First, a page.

You want a quick summary of where we are with the updated PMPRB? I give you this fantastic analogy from Jason Field: It’s “a canoe built of sticks covered in duct tape.” They took a system that wasn’t going to hold up, did a slap-dash “repair” that didn’t really change anything (and possibly made things worse), then held it up as a suitable replacement. (Note: this is similar to what the Conservative government did with our sex work laws in 2014. This is not an example of Liberal ineptitude as much as a good look at how democracy or humanity is flawed.)
The new guidelines are more complex—possibly in attempt to seem more impressive—but lack a logical foundation for their creation (i.e. case studies, formulas).
Although the high-cost threshold was raised it was not raised to a level that will qualify drugs for rare diseases.
These reductions and regulations are not making our pharmaceutical market more competitive. In fact they are shrinking the number of drug manufacturers entering the Canadian market.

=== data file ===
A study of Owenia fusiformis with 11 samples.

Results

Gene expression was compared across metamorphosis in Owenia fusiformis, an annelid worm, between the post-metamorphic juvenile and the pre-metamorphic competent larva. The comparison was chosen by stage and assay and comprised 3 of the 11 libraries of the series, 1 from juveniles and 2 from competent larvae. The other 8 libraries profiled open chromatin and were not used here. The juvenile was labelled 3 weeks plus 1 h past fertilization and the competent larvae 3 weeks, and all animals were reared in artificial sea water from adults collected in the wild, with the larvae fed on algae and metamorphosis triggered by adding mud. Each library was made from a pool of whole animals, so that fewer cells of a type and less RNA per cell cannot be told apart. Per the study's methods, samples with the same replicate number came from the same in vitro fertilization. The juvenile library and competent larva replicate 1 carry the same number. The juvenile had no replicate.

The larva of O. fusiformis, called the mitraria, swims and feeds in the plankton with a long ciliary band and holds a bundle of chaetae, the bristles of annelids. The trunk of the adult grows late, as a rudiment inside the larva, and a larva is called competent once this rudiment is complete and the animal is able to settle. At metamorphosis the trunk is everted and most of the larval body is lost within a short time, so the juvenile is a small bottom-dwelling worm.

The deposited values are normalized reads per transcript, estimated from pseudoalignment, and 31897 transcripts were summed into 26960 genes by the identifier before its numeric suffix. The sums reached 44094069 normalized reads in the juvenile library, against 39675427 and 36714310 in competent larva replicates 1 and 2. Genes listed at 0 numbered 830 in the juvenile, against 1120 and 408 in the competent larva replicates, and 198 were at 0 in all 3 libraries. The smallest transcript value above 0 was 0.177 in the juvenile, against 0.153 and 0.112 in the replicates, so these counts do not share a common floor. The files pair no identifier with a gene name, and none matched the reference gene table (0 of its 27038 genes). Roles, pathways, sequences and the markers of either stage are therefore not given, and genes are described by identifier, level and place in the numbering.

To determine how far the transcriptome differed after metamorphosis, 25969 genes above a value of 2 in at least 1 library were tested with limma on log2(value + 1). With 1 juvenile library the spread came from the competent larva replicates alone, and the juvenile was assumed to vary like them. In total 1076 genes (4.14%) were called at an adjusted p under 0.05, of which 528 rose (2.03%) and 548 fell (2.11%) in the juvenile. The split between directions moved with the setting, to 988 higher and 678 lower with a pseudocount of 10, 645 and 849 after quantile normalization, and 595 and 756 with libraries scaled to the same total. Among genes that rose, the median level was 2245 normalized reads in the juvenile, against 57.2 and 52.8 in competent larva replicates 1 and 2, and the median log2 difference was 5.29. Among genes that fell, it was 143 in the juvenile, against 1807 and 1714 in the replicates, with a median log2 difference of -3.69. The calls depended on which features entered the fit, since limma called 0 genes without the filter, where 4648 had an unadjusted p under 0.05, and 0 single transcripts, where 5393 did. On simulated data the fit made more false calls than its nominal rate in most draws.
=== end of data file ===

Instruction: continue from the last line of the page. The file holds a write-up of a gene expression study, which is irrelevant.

Unfortunately it looks like the SAP/MAP/GAP route is still the way we’ll have to go if/when there’s treatment for FOP and this means we are facing a future in Canada where some of us get treatment and others are shut out.
The good(ish) news is the new PMPRB isn’t set yet. CORD is gearing up for another battle and has until July 20, 2020 to offer an official opinion/criticism of the plan.
As well, PMPRB is holding a patient panel public forum on July 8, 2020. Let’s hope we have a solid rare disease presence on that panel.
Oh, Canada, I really hope one day I can stop writing these “If you have a rare disease in Canada you’re pretty much f*cked” articles. Show compassion and support for the millions of Canadians living with rare diseases. It’s the Canadian thing to do.